Review by Tina Koyama
I recently reviewed Midori MD Paper Products colored pencils in its very limited but lovely, understated palette. Midori also makes graphite pencils (6/$10) – equally sublime in their appearance and beautifully coordinated with other Midori stationery products. I was given the B grade for review, but I happen to have other drawing grades as well, so I’ll include them in my comments.
Like the colored pencils, the graphite pencil barrel has a subtle matte finish with simple branding. The barrel color is the vanilla ice cream off-white that appears on many of Midori’s notebook covers. Something about that matte finish is such a joy to touch!
Also matching the design of the colored pencils is the slightly convex, uncapped end that reveals a perfectly centered core. They sharpen nicely with a whiff of cedar.
I compared the Midori B grade with B grades in two of my favorite Japanese graphite pencils, Tombow Mono and Uni Mitsubishi Hi-Uni. Although not quite as smooth as either of the higher-priced pencils, the MD graphite quality is consistent and flawless. It feels slightly softer than the Tombow but slightly harder than the Hi-Uni. The B makes a great writing grade for those who prefer softer pencils. (Swatches and sketch shown in this review were made in a Stillman & Birn Zeta sketchbook, which has a smooth surface.)
The swatches below show the full range of MD grades available – HB through 6B.
I have been taking crosshatching courses from France Van Stone (better known as Wagonized), and having the B in my hand was a good opportunity to work on one of the course exercises – a friendly, young cow. (France’s courses often use fun photo references of animals that I adore drawing!) I would typically use a softer grade for the final details, but this B did well enough even at the end.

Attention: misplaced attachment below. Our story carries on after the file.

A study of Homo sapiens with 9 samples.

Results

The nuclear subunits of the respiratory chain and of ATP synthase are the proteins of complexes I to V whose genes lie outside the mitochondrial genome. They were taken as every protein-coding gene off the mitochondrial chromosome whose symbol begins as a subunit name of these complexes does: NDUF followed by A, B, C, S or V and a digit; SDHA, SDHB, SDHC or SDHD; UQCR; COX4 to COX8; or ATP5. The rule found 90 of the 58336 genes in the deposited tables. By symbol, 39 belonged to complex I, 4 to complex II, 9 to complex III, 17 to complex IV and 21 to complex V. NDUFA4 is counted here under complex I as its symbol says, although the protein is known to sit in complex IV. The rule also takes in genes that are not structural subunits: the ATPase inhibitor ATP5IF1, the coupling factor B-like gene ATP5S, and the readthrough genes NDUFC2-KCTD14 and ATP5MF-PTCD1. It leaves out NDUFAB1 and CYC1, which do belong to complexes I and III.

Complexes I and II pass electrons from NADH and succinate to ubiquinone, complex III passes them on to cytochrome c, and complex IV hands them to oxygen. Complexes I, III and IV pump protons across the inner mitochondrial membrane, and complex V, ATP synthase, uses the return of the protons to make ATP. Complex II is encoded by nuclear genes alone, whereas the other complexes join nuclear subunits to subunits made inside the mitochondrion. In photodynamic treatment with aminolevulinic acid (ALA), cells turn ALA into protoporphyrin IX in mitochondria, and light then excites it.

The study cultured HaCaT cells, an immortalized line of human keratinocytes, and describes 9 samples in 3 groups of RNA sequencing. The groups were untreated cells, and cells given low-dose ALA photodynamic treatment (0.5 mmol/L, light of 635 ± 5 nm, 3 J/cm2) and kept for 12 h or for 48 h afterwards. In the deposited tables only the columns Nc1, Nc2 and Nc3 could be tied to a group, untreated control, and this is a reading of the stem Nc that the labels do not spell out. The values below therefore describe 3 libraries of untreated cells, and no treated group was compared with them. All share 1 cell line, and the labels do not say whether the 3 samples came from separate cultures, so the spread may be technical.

The MDs are excellent writing and drawing pencils at a price that makes them a good value.
My only complaint is that the beautiful matte finish I love so much tends to become easily scuffed and marked. I’ve had the full set for a while, knocking about in a pencil cup, and they are showing their age prematurely. I’m sure the colored pencil barrels will suffer the same fate shortly. Most of the time, I appreciate evidence of wear and use on my art materials, and I don’t baby them. But something about that creamy, formerly pristine finish with scuffs is harder to look at. I don’t want my stationery to be better dressed than I am, but if I daily-carried a Midori pencil, I might be tempted to keep it in a Rickshaw sleeve.